When Gramma died, she was living with her beloved sister, Louise Bower, who was two years younger, but they couldn’t have been closer if they had been twins. They lived in the Bower house on Main Street where their mother, Carrie Dean Bower, had given birth to them.
Sal, who was seven years older than I was, and I used to laugh when we said “Main Street in Ava,” because we knew how ridiculously juxtaposed most people’s mental image of a Main Street was with Ava’s West Main Street.
Ava is a tiny hamlet that has varied in population in the Twentieth Century from 400 to 800. It is nestled in the rolling hills of Jackson County in Southern Illinois, just off of Route 4, and everything of any importance was on Main Street – the Post Office, the bank, the drug store, the saddle shop, the hardware store, the saloon, the grocery store, and the train station, when it was in service.
The last time I was in Ava, in 1997, the Post Office was closed, the drug store was closed, the saddle shop building was gone, the hardware store was an abandoned building, the saloon was thriving, the grocery store was closed, and the train station had been torn down because the trains had stopped coming to Ava in the 1940s and the tracks had been ripped up. The bank was still operating, but had moved from the old building across from the Bower house.
I first visited the Bower house when I was 10 weeks old, on Memorial Day weekend, 1932. Practically the whole family was there:
Front row, sitting: Helen Bower Warner, Louise Bower. Middle row: A.G. Brown (in straw hat), Margaret Bower Millis, Allen (“A”) Brown, Sarah Louise (“Sally Lou”) Millis, Carrie (“Nano”) Dean Bower (holding Charlie Warner), Woodney Millis. Back row: William (“Bill”) Brown, Marion Warner Brown, Charles (“Dyp”) Warner, Morton (“Mort”) Brown, Will (“Dado”) Bower (in hat).
In writing this entry, I haven’t been able to decide what to focus on or to write about first, the town, the house, or the family. But “Ava” is none of those, it’s a notion. “Notion” is a good word because according to the Encarta Dictionary, it means: 1. idea – an idea, opinion, or concept. 2. impression – a vague understanding or impression. 3. desire – a sudden desire or whim. Ava is the idea of home and family and the cycle of life and, mostly, love. Ava is an impression of early and mid Twentieth Century rural Midwest corn country and farmers wearing overalls and swimming holes and love. Ava is the desire to melt back into a time of safety and ease and warmth and love and Louise playing the piano and hooked rugs and hot apple pies and home-made peach ice cream and ponies and Tom Mix cowboy suits.
Charlie as Tom Mix
Because Ava is a notion – an idea, an impression, and a desire – I have 65 years of video tapes stored in my head (some much fuzzier than others) that I can still play. I love the concept of “play” because that’s what I remember most. I played with Sally Lou, who from now on I’ll call Sal; I played with Dado’s violin; I played with Frank Cheatam (his father owned the drug store) and Billy Wagner (his father was the dentist whose office was in the only office building in Ava – the Bower building); Aunt Louise, who from now on I’ll call Ese, playing the piano; Chas playing the trumpet while Ese played the piano; playing Monopoly all day in the summer; playing with carbide to make paint cans explode; and dancing with everyone at Sal’s wedding in the Bower house to Ese playing the piano, to Ease playing the piano, to Ese playing the piano.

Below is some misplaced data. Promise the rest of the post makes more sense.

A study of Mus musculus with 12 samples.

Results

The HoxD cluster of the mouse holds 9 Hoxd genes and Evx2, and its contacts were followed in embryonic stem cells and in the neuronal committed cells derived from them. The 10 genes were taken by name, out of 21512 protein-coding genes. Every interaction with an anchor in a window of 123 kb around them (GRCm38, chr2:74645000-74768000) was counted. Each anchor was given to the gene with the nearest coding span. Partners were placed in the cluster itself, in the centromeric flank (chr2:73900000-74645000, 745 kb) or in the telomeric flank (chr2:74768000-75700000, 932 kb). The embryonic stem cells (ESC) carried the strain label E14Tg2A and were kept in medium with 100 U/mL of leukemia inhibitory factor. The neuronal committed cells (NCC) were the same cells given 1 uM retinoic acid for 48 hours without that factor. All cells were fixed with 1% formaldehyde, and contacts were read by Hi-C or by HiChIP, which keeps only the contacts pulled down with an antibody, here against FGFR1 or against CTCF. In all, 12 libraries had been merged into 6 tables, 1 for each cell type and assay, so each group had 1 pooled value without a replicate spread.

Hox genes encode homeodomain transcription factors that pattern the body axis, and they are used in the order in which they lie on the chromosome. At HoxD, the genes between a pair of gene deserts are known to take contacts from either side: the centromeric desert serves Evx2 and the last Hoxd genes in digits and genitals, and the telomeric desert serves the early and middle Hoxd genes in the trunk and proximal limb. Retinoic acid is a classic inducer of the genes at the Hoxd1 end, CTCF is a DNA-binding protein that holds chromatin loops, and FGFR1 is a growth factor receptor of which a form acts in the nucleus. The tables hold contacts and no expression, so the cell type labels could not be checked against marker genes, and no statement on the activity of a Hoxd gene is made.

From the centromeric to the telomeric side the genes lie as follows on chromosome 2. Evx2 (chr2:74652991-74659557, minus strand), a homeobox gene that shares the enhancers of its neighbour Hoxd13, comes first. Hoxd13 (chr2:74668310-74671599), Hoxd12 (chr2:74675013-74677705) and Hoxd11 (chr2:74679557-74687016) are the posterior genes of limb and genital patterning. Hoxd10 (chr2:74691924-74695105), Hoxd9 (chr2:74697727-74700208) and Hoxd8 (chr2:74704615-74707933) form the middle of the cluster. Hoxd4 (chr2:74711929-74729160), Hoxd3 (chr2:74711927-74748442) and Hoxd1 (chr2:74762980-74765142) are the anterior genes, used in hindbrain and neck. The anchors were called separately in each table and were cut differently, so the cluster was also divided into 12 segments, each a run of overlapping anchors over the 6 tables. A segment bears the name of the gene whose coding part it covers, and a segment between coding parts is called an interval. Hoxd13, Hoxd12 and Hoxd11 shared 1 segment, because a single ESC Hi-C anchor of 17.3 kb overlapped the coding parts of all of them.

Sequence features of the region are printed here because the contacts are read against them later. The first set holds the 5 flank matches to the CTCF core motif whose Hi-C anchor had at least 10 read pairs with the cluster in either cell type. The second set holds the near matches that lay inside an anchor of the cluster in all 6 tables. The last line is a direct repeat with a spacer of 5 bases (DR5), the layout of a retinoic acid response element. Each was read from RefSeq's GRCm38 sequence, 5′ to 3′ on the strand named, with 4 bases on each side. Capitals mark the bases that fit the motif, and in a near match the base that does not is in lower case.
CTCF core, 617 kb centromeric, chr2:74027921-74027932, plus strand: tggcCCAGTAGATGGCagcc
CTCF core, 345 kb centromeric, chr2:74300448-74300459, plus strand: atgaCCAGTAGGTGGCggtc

Going to Ava also meant eating well and music. Ese was a magnificent virtuoso on the piano. She had a bold, strong touch. My father said she played like a man, which was meant to be a great compliment. She played professionally in the Gaslight Club in Chicago during prohibition to make money. She could listen to a song on television and then go to the piano and, first, peck it out and then play it through, and then play it in a perfect arrangement.
Ese had a stack of music that contained cake walks, show tunes, and classical pieces. She taught music to several generations of children – piano, violin, and brass instruments. She practiced every day until she was in her middle 90s. Ese was our entertainment in Ava. Whoever was there would gather around the piano and call out our favorite tunes – mostly show tunes – for her to play, and we’d sing.
The best entertainment was when we were there with Margaret, who from now on I’ll call Honey, and Sal. Honey played the ukulele and mother sang, just like they did when they were little girls and teenagers. Ese was a contralto, Honey a mezzo-soprano, and mother a soprano. They harmonized beautifully as only sisters can and as they sang the enormous smiles on their sweet faces were translated to their voices.
“The Girls” as everyone called them, were rarely as happy as when they were singing and playing their instruments. I don’t think those who loved them were ever much happier either because The Girls all were loved deeply by their husbands, children, family, and friends.
Over the years, I’ve realized that writing is more about organizing ideas than about putting down the words that describe the ideas. In mulling over how to organize my memories of Ava, I first thought I’d write about the Bower house, the town, and the extended Bower family, but then I realized that it would be more fun and more instructive to present the notion of Ava in a series of stories – stories in no particular order or structure, just stories as they came to me as I was writing.